FDIC reportedly scrutinizing Voyager Digital marketing as complex SBF ties come to light – Cointelegraph

Some Voyager Digital account holders were surprised when they discovered that their deposits did not have the protection they thought they did after the crypto brokerage and lender filed for bankruptcy Tuesday. This could mean additional consequences for Voyager Digital. 

Voyager Digital filed for bankruptcy under Chapter 11, citing debts of up to $10 billion to 100,000 creditors in a crisis brought on after Singaporean hedge fund Three Arrows Capital (3AC) defaulted on a loan of 15,250 Bitcoin (BTC) and 350 million USD Coin (USDC) a week earlier.

According to Voyager Digital’s website, “Your USD is held by our banking partner, Metropolitan Commercial Bank, which is FDIC insured, so the cash you hold with Voyager is protected.” The bank holds $350 million in Voyager Digital customers’ deposits.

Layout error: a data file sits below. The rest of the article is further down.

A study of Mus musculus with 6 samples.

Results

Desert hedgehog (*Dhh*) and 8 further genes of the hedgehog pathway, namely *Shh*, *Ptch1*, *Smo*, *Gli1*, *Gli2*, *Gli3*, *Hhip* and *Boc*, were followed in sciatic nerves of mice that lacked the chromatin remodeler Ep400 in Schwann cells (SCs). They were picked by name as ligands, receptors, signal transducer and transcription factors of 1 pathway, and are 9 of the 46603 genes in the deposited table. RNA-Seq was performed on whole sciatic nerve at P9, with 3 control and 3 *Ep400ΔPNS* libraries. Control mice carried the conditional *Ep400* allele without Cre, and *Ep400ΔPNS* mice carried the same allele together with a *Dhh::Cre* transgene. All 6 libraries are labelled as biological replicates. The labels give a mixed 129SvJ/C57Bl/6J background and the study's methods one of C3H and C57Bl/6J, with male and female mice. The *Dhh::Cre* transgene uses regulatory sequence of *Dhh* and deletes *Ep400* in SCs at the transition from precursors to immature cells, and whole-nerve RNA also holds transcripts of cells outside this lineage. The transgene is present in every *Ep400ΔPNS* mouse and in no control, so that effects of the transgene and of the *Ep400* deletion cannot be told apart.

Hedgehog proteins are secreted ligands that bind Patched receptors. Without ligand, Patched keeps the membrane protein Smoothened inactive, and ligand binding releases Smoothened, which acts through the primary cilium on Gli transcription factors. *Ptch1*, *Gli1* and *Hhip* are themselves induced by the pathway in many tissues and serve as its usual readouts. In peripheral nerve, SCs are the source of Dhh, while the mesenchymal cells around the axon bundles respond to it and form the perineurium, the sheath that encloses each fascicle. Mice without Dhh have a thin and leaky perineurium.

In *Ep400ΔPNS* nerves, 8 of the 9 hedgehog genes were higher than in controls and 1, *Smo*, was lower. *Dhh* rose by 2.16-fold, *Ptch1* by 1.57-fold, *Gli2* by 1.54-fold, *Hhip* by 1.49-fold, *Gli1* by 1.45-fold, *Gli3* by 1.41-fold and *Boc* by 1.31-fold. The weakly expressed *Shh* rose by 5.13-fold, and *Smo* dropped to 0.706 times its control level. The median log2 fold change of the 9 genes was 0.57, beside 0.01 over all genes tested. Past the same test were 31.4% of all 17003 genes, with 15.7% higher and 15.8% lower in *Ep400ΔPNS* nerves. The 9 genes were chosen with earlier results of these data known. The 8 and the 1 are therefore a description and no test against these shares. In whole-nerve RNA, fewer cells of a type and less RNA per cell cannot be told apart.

The United States Federal Deposit Insurance Corporation (FDIC) insures accounts for up to $250,000 per depositor in case of the failure of the bank, the Metropolitan Commercial Bank explained in a statement, adding that the FDIC does not provide protection against Voyager Digital’s failure or against the loss of cryptocurrency.

According to The Wall Street Journal on Thursday, unnamed sources said Voyager Digital depositors were expected to receive all the cash from their accounts held in the bank eventually, as Voyager Digital promised. A source also told the newspaper that the FDIC was looking into Voyager Digital’s marketing.


It was also noticed that Voyager Digital had a complex financial relationship with Alameda Research, which is backed by Sam Bankman-Fried. Alameda Research is simultaneously Voyager Digital’s largest shareholder and second-largest creditor at $377 million, owing Voyager Digital $75 million.